It was way back in 2003 when I caught my first Milkfish on fly and they are to date, the most hard fighting fish I've encountered on a fly rod.
Location: East Coast Lagoon, Singapore
The East Coast Lagoon started off as a place where sun bathers could swim in calm waters away from the waves of the open sea. That is all I know. But in the late 90's, it was converted into a salt water fishing 'pond' where anglers paid to fish. The pond was stocked with the usual species found in pay-to-fish locations, namely the Barramundi, Fingermark Snappers, Mangrove Jacks,... etc. Small milkfish were sold by the pond operators and used as live baits, but many managed to free themselves from the hooks and lived in the lagoon. The fishing pond then went out of business and was returned to the authorities which built a perimeter fence around it whilst deciding what to do with it. A couple of years passed without any activity.
It was in 2003 when a young chap by the name of Nicholas (who was also a crazy fly fisho) got to know another young chap by the name of Matthew who happens to live near to lagoon and have been fishing it regularly with bait (and with good results). It came to Nick's attention that there were Giant Herrings in the lagoon and we started to have many night "operations" to target these fish on the fly. Nick caught quite a few as he was there almost every night, while I , unfortunately, never hooked one. There were many times when fish rose to our gurglers, poppers and sliders but missed the flies completely. And we would realise later that they were probably not herrings....
Another few months passed and Nick decided to venture to one of the two platforms (where water still flowed in from the open sea) in the middle of the lagoon. It was there that he saw many large schools of Milkfish cruising to and fro from one platform to another. Nick tried relentlessly to catch these fish with a bread fly but was not succesful. Determined to hook a Milkfish, Nick returned with (real) bread and decided to burley up the fish and casted his imitation amongst them. His determination paid off and he cracked the code for catching these freight trains.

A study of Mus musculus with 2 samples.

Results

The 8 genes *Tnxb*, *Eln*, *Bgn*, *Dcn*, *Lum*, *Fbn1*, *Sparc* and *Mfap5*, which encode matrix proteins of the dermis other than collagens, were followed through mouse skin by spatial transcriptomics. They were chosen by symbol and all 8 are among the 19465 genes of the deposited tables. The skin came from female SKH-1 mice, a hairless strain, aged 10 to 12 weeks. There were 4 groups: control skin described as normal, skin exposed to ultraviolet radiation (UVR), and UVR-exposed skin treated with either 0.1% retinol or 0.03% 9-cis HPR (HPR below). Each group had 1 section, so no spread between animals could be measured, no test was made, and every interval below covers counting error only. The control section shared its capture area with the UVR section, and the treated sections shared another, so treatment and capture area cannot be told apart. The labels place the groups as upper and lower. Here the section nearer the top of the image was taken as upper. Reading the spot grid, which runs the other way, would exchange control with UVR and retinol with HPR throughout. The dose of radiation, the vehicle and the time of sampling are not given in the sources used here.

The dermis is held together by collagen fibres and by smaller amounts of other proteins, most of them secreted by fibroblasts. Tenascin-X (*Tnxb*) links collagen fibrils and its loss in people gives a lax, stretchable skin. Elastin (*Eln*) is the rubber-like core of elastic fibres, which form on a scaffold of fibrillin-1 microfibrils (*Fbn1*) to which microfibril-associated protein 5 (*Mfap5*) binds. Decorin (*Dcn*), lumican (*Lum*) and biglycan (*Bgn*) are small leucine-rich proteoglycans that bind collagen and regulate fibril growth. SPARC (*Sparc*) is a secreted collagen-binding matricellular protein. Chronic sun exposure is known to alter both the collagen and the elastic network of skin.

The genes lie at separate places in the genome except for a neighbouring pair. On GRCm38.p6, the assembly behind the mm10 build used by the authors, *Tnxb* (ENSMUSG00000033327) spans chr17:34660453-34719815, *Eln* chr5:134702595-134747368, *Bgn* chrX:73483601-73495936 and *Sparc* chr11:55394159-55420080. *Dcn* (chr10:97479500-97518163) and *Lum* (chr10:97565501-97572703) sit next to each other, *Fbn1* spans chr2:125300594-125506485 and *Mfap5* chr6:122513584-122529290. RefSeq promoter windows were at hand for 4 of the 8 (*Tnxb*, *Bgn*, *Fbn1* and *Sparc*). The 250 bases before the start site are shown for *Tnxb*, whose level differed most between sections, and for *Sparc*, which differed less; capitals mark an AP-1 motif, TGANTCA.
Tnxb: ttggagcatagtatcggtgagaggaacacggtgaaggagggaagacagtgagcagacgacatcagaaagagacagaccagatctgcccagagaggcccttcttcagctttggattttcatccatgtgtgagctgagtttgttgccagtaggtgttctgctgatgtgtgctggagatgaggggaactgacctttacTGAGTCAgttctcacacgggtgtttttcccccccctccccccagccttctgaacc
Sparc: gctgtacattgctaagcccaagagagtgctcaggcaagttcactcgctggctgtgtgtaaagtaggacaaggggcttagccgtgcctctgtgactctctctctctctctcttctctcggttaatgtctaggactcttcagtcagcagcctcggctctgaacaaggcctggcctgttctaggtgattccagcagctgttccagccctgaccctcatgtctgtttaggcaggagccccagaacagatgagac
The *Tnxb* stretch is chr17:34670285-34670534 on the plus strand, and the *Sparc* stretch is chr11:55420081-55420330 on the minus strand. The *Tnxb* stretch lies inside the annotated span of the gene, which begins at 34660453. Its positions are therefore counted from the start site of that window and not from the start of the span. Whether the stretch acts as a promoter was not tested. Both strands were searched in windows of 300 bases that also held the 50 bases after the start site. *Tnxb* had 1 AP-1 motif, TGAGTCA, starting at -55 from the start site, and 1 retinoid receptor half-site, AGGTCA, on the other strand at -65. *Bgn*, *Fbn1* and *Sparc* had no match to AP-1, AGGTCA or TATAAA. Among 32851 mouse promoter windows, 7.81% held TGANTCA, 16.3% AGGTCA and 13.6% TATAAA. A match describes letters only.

Nick decided to share the 'spot' with a few of us more 'senior' fishos to aid us in the capture of our first Milkfish. The trick was to wade into the water to waist level, and burleying the bread in batches, allowing the wind from behind to carry them towards the platform. Once the bread got near, they were 'hammered' by the large milkfish. No one would believe that they are 'vegetarians' with the way they were eating the bread. The plan was to get them to swim closer and closer to us as they go for the next batch of bread burley.
I lost four Milkfish before I finally landed one. The knot gave way on the first, the hook broke on the second, the hook fell out on the third and fourth. On that fateful sunday, I decided to walk the path of the Thai workers who laid nets below the platform. They were able to wade at waist level till they were 5 metres from the platform. As I drew near, the sight of the tails of big Milkfish swimming sent my adrenalin sky high. I'd be the most unlucky person on earth if I don't hook one. A 5 metre cast was all it took before a Milkfish smashed the bread fly!!! WOOHOO!! It only took a few seconds and I'm into the backing... the fish swam around the platform and I thought I'd lose the fish for sure... but luckily, the stainless steel piping of the platform did not cut me off and after some persistence, the fish came back. I guided it away from the platform and into open waters. And it took another 25 mins to subdue the beast. But I finally have my first Milkfish in my bosom!! It weighed 15lbs on the Boga.
I went on to catch another three Milkfish on subsequent trips to the lagoon and they never cease to amaze me with they speed, power and stamina. What impressed me was that my Sth Cassette Reel (that cost me less than US$70) and Cortland 333HT line (bought at K-Mart for less than US$20) was able to withstand the runs of these rockets. The rod - a 7 wt Sage RPLXi - also performed marvelously. These fish are definitely ranked near the top of my list.